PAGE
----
Down the 'smartphone food chain'

Down the 'smartphone food chain'
File photo of people scanning their cellphones in a subway train in Beijing.

FLAGSHIP smartphones, as everyone knows, are great. They cost more than S$750 per handset and have everything you can imagine. Sometimes, they have more than you need. Actually, most of the time, you probably won't use half the apps on the phone.

The problem with shiny flagships is that they make you want to buy all of them, complete with gimmicky features and top hardware specifications, even though you don't need the fastest Snapdragon processor to power your smartphone.

The Moto G has proved this, being very successful in the affordable smartphone segment, and I think Nokia's X, XL and X+ phones will do well too.

When I smashed my LG G2's screen (twice in three months), I bought the Alcatel One Touch Idol X immediately. I can't stress how surprisingly good the phone has been and I've been using it every day since November.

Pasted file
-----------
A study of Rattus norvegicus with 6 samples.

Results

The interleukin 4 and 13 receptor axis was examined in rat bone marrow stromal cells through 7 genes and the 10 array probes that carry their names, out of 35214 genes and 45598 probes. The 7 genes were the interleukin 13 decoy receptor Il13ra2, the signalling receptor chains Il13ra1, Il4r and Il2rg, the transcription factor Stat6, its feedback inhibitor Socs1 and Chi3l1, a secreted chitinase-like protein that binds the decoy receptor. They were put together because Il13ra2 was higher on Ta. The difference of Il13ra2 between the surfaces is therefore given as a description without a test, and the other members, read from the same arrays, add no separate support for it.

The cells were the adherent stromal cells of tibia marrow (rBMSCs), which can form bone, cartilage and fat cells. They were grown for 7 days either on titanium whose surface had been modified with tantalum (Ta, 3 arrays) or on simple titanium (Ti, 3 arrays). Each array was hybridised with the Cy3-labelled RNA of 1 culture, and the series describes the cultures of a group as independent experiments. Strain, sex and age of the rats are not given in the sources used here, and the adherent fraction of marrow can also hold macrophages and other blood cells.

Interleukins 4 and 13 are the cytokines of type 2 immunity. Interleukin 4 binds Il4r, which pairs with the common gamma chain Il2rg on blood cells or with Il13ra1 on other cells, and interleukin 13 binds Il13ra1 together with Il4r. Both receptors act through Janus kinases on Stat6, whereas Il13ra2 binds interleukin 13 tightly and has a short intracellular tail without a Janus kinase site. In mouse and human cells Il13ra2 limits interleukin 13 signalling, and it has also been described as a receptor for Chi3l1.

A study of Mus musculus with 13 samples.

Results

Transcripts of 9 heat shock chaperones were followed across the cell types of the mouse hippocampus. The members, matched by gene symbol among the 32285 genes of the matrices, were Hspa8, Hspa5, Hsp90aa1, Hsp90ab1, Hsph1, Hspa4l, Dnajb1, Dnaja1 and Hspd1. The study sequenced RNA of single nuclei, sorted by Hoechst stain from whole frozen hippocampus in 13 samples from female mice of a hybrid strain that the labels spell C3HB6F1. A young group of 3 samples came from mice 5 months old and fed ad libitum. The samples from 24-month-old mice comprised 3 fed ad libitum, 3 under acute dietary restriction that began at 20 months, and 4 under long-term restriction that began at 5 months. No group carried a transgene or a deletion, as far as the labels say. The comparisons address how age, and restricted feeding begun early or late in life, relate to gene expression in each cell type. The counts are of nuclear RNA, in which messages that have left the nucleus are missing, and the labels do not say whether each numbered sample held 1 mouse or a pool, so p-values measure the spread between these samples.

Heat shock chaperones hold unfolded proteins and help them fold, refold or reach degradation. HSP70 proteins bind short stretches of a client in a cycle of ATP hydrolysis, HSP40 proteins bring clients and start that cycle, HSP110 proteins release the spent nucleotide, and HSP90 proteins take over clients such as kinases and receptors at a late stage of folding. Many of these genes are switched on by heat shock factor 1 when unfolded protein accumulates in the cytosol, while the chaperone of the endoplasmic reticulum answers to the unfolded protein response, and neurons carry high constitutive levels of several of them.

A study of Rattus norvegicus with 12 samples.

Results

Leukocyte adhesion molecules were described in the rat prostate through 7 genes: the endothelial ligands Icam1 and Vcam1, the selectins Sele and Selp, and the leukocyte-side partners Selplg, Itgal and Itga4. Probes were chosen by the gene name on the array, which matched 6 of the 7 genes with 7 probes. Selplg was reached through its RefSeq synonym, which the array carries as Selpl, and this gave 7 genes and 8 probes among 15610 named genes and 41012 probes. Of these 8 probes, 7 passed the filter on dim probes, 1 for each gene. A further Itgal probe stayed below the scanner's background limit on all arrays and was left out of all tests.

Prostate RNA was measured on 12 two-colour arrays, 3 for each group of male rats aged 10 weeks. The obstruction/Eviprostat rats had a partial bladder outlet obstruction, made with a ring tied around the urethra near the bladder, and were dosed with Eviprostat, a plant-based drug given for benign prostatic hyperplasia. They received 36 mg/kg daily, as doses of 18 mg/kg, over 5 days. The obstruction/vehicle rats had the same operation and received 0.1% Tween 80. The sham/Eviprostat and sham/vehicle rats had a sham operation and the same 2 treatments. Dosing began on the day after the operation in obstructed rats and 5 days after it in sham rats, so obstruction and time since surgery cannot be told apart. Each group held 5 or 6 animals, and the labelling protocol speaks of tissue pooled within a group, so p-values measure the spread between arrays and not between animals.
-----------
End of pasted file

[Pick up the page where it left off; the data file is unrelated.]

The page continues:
At the Mobile World Congress 2014 (MWC 2014), Samsung launched its latest Galaxy S5. Typical with flagships, I expect it to cost S$900 when it launches in Brunei.

What about the affordables?

HTC's premium phones have not been doing well in terms of sales. However, I must say that they do make a decent phone, and look good too.

I like the HTC One Mini, with its smaller and lower-quality screen paired with the Taiwanese company's UltraPixel technology.

At the MWC 2014, HTC launched its new leader of the pack in the affordables section, the HTC Desire 816.

I remember when Android was up and coming, it was either the Samsung Galaxy S versus the HTC Desire.

I'd pick the HTC Desire any day. It was built better, looked more expensive and had a better camera.

Now the Desire makes its way back with the lower-end 816 model.

The Desire 816 is a 5.5-inch smartphone equipped with a 720p resolution screen. Processor-wise, it clocks in at 1.6 Ghz with a Qualcomm Snapdragon 400 quad-core.

What's great here is that it has HTC's high quality camera on the back, and in terms of software, it's similar to the very good HTC One.

Its camera is a 13-megapixel shooter with a shallow f/2.2 aperture sensor and a Back Side Illuminated (BSI) sensor. However, 4K lovers look away, as video recording is limited only to 720p.